United 93

In a year devoid of memorable movies so far, here, then, is the early favorite for Best Picture. United 93 is a movie that exists solely within that moment, unfolding in near real time on the morning of September 11, 2001, like a short story written in the present tense. The movie begins with the terrorists praying and ends with flight United 93 plunging into the earth. The political context is left out, most characters are not given names, and the camera never pulls back to permit a lead actor to primp for Best Actor by delivering a speech to the swelling chords of a momentous soundtrack.

But for everyone who was lived through that day, such context is not necessary. The movie has the gravitational pull of a historical supernova, pulling from our memories every fact about that fateful morning. The suspense is Hitchcockian but in a unique way. The context we as the audience have and which the characters on-screen lack is that of real-life history. When Air Traffic Control fails to get a response from American Airlines flight 77, we know what has happened, but the air traffic controllers on screen remain calm. When the first plane disappears completely off of the radar over Manhattan, the people at air traffic control don't know where the plane has gone, even after they see smoke billowing from the North Tower. We remember, for a brief moment, a time when the idea of what had happened seemed so improbable as to be incomprehensible, and we understand their inability to put two and two together.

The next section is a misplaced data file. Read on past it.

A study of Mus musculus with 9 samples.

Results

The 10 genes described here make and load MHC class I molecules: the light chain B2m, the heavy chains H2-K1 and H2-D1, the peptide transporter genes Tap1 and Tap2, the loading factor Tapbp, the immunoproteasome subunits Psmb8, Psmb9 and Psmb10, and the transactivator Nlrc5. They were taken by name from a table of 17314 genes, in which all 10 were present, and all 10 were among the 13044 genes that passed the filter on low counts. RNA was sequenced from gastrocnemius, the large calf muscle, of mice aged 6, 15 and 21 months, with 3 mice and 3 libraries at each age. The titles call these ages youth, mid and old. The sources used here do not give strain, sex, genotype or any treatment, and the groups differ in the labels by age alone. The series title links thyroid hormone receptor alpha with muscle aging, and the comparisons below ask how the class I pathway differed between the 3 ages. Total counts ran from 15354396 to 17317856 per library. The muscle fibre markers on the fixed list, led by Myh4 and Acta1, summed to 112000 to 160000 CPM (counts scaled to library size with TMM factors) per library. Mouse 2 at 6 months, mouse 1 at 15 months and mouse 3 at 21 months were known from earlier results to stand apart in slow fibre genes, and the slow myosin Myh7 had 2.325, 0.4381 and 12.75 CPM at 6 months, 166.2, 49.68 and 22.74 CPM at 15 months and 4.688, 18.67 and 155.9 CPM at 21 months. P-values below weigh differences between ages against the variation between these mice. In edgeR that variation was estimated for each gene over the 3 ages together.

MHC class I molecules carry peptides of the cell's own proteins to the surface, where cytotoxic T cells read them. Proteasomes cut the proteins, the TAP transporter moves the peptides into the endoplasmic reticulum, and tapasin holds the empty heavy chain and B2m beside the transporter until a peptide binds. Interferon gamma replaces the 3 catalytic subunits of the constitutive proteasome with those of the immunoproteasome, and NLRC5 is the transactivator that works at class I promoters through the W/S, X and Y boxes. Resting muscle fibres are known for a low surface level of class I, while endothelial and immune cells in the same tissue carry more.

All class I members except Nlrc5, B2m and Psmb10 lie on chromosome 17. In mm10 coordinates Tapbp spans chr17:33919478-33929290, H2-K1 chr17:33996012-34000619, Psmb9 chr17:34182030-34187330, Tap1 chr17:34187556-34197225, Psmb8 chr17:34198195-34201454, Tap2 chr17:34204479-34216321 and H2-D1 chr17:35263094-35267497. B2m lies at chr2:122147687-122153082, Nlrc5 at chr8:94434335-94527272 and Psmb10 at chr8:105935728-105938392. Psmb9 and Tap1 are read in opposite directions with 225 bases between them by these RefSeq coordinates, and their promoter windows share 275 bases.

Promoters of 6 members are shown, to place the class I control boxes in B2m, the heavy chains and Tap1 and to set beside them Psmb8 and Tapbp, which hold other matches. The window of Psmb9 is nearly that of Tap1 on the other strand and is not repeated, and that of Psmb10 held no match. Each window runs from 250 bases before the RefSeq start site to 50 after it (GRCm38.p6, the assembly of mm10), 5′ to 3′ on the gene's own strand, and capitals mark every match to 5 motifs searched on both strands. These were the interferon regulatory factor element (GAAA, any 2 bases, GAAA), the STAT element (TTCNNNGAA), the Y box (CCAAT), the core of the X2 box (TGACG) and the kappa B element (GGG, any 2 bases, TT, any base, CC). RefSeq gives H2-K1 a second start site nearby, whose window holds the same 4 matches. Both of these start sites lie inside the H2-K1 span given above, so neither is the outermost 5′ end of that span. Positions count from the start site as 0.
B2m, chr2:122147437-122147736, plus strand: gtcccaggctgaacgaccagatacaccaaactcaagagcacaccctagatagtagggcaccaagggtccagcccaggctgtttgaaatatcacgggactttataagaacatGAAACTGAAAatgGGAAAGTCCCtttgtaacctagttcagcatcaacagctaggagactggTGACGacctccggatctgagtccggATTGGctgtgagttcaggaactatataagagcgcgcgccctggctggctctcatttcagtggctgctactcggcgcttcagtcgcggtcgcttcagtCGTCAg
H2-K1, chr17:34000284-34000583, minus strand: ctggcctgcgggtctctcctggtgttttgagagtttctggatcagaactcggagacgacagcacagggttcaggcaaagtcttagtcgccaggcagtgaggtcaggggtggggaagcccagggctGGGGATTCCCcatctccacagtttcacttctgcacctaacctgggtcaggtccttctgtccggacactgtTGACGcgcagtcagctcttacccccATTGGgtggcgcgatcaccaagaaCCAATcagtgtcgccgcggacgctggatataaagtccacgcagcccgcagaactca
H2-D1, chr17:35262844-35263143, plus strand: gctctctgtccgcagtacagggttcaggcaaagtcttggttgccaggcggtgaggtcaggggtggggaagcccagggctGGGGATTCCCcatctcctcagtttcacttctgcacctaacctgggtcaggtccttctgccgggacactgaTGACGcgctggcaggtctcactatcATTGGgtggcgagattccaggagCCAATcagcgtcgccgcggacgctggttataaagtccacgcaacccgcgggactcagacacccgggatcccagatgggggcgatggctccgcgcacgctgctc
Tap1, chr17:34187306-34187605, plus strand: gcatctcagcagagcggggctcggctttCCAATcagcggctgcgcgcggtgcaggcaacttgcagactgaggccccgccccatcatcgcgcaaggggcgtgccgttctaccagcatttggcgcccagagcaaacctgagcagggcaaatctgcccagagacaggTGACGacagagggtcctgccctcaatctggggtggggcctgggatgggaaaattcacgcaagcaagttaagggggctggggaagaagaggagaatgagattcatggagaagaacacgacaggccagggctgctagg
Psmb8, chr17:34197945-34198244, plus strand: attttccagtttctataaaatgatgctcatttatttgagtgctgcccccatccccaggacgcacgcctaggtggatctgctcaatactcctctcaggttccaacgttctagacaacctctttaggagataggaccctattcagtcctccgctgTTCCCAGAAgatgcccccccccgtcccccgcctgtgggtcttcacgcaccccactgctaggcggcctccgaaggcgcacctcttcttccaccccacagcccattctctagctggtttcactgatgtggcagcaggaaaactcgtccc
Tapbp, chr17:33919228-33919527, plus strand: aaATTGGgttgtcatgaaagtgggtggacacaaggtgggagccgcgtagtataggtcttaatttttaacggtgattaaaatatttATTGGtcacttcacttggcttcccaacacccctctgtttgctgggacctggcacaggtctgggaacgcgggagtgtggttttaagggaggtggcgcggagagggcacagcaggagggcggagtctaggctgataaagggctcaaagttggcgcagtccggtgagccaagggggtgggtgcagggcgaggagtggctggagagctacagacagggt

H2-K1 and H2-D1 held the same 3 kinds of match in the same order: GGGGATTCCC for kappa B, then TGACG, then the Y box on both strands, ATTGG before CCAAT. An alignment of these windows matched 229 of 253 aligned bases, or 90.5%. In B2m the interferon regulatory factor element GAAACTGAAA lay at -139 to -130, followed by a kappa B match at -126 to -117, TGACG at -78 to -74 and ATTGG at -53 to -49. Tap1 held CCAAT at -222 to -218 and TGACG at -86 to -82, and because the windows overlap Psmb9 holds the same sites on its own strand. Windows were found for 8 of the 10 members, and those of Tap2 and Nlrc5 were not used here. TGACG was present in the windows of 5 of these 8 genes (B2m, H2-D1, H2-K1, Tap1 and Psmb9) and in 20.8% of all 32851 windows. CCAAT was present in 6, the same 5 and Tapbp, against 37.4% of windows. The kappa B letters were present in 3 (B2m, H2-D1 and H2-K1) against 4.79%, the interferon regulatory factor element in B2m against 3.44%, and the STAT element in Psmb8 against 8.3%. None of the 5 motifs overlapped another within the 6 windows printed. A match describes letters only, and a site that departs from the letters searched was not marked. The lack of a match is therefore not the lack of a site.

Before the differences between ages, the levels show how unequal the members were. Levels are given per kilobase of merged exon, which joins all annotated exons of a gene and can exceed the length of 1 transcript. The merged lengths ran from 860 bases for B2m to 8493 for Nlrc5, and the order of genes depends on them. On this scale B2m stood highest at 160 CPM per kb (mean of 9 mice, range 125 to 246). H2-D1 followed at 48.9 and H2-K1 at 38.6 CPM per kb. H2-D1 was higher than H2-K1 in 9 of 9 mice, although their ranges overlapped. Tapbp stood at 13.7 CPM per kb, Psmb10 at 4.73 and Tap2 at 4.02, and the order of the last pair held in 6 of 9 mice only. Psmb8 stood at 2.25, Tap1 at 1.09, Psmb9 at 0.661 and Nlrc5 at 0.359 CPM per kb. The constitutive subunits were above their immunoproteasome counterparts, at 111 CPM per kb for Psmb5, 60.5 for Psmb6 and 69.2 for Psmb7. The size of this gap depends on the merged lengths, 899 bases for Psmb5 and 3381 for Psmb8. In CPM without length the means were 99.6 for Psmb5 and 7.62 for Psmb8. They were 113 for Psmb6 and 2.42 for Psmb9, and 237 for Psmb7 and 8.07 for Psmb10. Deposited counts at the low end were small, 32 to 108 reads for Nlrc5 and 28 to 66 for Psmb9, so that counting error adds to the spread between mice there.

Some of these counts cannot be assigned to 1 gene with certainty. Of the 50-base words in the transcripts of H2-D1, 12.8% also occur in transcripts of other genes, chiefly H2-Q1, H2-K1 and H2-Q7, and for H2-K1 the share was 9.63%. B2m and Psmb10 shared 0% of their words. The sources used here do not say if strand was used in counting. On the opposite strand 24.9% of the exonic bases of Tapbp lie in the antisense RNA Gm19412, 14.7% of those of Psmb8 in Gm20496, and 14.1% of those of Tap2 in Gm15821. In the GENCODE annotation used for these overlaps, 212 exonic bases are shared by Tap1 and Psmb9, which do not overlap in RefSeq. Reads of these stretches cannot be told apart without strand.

The choice to shoot almost entirely handheld and to use no well-known actors is, of course, the right one, preserving the movie's documentary feel. Fiction feels inadequate in the face of an event like 9/11, which is one reason September 11 was so disappointing (the best of the shorts, incidentally, was the one that simply remixed video and audio from 9/11 itself). Many of the characters are played by themselves, and when the credits roll and you see so many names in the cast listed as "As Herself" or "As Himself," your mind jumps back to moments in the movie, and you know that the tears were real. Contrast that with Oliver Stone's upcoming World Trade Center, which will star known actors like Nicolas Cage, Maria Bello, Maggie Gyllenhaal. It may very well be a fantastic movie, but what those recognizable faces add is a layer of abstraction.

As with The Bourne Supremacy, Paul Greengrass's previous film, the editing seems to keep tempo to the pace of the characters' hearts and minds. Or is it the other way around? At one point, while watching The Bourne Supremacy, I kept count of the number of edits during action sequences. They came at the rate of about one per second and put you in Bourne's head, the thousands of quick decisions his mind was churning through. United 93 has an editing pace just as frantic, mirroring the bewildered panic of our nation that morning and the tempo of my heart rate for most of the movie.

And yet, despite all this skill, fiction still feels inadequate to the task of resolving 9/11. At best, the movie can stir up the immediacy of that day, rouse us from our day-to-day stupor to leave us alone with our memories of that day, but it presents no solutions and is so tasteful in its choices as to be almost neutral. It is a riveting chronicle before which other horror movies seem meaningless, but as the daily news reminds us, we've yet to come close to resolving the conflict revealed to so much of the world that day. It's not "too soon" to make a movie about 9/11, as some NY filmgoers shouted during trailers for this movie, but it may be that only time, and not art, can bring closure to the tragedy of 9/11.